Pacific Command Hosts Joint Civilian Orientation Conference
By Fred W. Baker III
American Forces Press Service
HONOLULU, Nov. 5, 2007 About 40 civilians with little or no previous military experience gathered in this tropical paradise today to get their marching orders for a week-long expedition that will take them across the Defense Department’s largest combatant command.
There was little time for umbrella-donned drinks though. Participants of the Joint Civilian Orientation Conference had to prepare for a 2 a.m. wake-up to start what promises to be a very busy itinerary. Over the next week participants will fly to a handful of countries where they will see first-hand the efforts of servicemembers in each of the five services working in the U.S. Pacific Command.
The JCOC is a defense secretary sponsored program for U.S. leaders who want to broaden their knowledge of the military and national defense. JCOC is the oldest existing Pentagon outreach program. This is the 74th JCOC since it started in 1948.
“My hope for the participants is that we have a phenomenal experience in exploring the different cultures, but also that they get an understanding of both the strategic importance of the region and its increasing importance to international security,” said Anne MacDonald, JCOC director.
MacDonald said the itinerary is built around providing the group the most basic understanding of what the U.S. military is doing “day-in and day-out in the field.”
Because of security concerns in some of the regions in which the group will travel, itinerary details were not disclosed to participants until today. Specific sites visited can only be reported after each visit, conference officials said.
Geographically, PACOM is the largest combatant command, covering from the U.S. West Coast as far as Mongolia and China, and from Alaska south to Antarctica. Its area of responsibility covers more than half of the earth’s surface – about 105 million square miles – and includes nearly 60 percent of the world’s population. About 300,000 military members from all branches comprise the command.
During the week, participants will receive briefs on each of the services’ roles within the command and view related training. Then they will roll up their sleeves and participate. The group will dine with servicemembers in the field, fire military weapons, jump in the cockpit of a fighter jet simulator, rappel down walls, drive a Coast Guard boat and become part of a simulated mass-casualty exercise. Officials want the trip to be as “hands-on” as possible, they said.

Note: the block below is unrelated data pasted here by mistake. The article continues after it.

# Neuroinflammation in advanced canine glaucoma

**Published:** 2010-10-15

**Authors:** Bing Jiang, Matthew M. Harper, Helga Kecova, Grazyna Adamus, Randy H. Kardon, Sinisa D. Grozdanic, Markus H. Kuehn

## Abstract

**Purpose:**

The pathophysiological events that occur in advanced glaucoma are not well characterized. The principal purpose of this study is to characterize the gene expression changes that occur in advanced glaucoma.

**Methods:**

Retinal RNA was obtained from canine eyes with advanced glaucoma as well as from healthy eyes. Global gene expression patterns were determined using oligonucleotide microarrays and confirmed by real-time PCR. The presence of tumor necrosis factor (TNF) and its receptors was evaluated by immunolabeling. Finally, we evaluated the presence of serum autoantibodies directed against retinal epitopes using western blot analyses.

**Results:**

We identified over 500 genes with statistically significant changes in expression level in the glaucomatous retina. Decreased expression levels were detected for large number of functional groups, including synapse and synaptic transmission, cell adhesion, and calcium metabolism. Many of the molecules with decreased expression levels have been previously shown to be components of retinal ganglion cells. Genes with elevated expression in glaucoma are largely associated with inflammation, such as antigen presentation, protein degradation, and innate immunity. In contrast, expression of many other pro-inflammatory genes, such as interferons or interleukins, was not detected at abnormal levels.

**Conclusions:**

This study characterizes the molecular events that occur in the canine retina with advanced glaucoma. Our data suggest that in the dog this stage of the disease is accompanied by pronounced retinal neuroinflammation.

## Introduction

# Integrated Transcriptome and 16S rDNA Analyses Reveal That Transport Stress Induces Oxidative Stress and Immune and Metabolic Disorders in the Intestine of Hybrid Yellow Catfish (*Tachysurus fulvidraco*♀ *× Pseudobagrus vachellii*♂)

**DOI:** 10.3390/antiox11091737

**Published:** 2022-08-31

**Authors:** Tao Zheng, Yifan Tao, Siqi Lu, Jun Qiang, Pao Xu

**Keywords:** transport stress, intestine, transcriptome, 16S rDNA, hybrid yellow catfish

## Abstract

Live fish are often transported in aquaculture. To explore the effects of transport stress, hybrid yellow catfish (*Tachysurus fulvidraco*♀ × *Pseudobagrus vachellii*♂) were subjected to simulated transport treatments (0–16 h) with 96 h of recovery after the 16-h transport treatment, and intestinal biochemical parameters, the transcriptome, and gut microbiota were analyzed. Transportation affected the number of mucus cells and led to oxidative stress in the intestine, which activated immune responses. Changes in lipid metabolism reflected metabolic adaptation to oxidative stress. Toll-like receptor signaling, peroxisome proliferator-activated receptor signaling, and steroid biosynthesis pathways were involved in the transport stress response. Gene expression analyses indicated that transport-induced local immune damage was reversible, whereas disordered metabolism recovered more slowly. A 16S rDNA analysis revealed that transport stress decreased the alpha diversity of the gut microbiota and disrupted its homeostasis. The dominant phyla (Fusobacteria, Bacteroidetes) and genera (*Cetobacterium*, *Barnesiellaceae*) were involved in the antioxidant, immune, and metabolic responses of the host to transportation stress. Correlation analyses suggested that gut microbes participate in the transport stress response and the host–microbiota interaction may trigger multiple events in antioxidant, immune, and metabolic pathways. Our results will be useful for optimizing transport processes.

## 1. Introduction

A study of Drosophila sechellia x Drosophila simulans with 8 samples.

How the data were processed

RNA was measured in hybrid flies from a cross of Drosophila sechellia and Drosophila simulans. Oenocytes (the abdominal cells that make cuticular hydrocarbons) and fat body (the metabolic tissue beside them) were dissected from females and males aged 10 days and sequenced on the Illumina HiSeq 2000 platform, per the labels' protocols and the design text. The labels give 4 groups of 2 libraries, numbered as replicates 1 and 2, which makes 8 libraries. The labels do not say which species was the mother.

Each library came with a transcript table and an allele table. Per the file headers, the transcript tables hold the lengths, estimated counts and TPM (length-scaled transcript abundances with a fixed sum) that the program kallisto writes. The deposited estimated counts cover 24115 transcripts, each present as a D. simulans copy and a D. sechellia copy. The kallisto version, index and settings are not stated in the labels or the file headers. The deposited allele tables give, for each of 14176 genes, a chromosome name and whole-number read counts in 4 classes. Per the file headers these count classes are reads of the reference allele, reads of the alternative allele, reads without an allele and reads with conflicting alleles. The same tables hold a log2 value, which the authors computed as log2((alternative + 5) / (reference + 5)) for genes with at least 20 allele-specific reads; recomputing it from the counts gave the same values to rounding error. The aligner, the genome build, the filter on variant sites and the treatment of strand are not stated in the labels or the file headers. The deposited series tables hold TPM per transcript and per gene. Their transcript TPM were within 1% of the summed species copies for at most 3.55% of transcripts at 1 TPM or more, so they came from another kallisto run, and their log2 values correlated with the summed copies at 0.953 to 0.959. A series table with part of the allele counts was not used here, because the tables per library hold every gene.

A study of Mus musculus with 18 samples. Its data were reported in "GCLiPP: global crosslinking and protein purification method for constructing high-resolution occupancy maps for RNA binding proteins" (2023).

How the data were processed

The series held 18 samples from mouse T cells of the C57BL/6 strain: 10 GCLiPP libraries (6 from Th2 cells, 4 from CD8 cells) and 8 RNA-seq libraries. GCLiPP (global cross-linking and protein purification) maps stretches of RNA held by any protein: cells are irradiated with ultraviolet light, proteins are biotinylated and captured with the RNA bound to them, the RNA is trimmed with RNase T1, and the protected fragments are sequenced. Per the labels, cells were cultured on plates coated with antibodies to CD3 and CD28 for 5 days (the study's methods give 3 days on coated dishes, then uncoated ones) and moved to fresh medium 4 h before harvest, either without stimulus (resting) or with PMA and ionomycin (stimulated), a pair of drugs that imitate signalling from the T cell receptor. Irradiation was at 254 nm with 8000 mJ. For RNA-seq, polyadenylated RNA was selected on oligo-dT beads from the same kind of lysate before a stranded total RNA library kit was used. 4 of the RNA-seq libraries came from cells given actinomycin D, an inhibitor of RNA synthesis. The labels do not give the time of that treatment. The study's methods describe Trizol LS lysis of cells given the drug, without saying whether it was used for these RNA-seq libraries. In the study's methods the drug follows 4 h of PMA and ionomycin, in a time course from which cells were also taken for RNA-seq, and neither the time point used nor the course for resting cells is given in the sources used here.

Trip planning starts about five months before the conference and includes hundreds of man-hours in preparation. Servicemembers from each of the services volunteer to serve as team leaders for the groups. A handful of other volunteers help round out the efforts.
David Evans, acting director of the Defense Department’s Community Relations and Public Liaison office, said this type of conference is critical to giving community leaders an accurate picture of military life.
“The reason it’s so important now is we have an entire generation that was not obligated to serve time in the military. They don’t have a good idea of what the military is really about except what they see on T.V. So it is critical that we take these leaders out there to see what our military is doing day to day in forward deployed locations,” Evans said.
Participants are nominated for the conference by senior military officials or alumni of the program and selected because of their influence. A conference fee paid by the participants covers their costs. This year’s group includes doctors, government officials, businessmen and women and educators.
“What we’re looking for is a good mix of business leaders, educators, centers of influence in metro areas -- places where there may not be a military installation and we think this might be something that will be worthwhile for them to experience,” Evans said.
This is Coast Guard Lt. Sara Wallace’s third JCOC to serve as a team leader. She has witnessed the enlightenment that happens as members of the group meet and talk with servicemembers and are able to see what they do in the field, Wallace said.
“By the end of the week the biggest change you see in the participants is just the awe, the wonderment. They can’t say enough about the amount that each of the branches of service does. The amount of education they walk away with almost dumbfounds them,” she said. And it’s not the high-tech equipment that makes the biggest impression either, Wallace said.
“Usually it’s just the (servicemembers) themselves. Every time someone goes on this trip they usually walk away impressed with the amount of responsibility that these young men and women are charged with and how much they have to handle,” Wallace said.
The trip finishes back here Nov. 11 with a Veterans Day ceremony at the historic National Memorial Cemetery of the Pacific, also known as the Punchbowl. More than 44,000 U.S. war veterans and family members are buried in the 112-acre cemetery.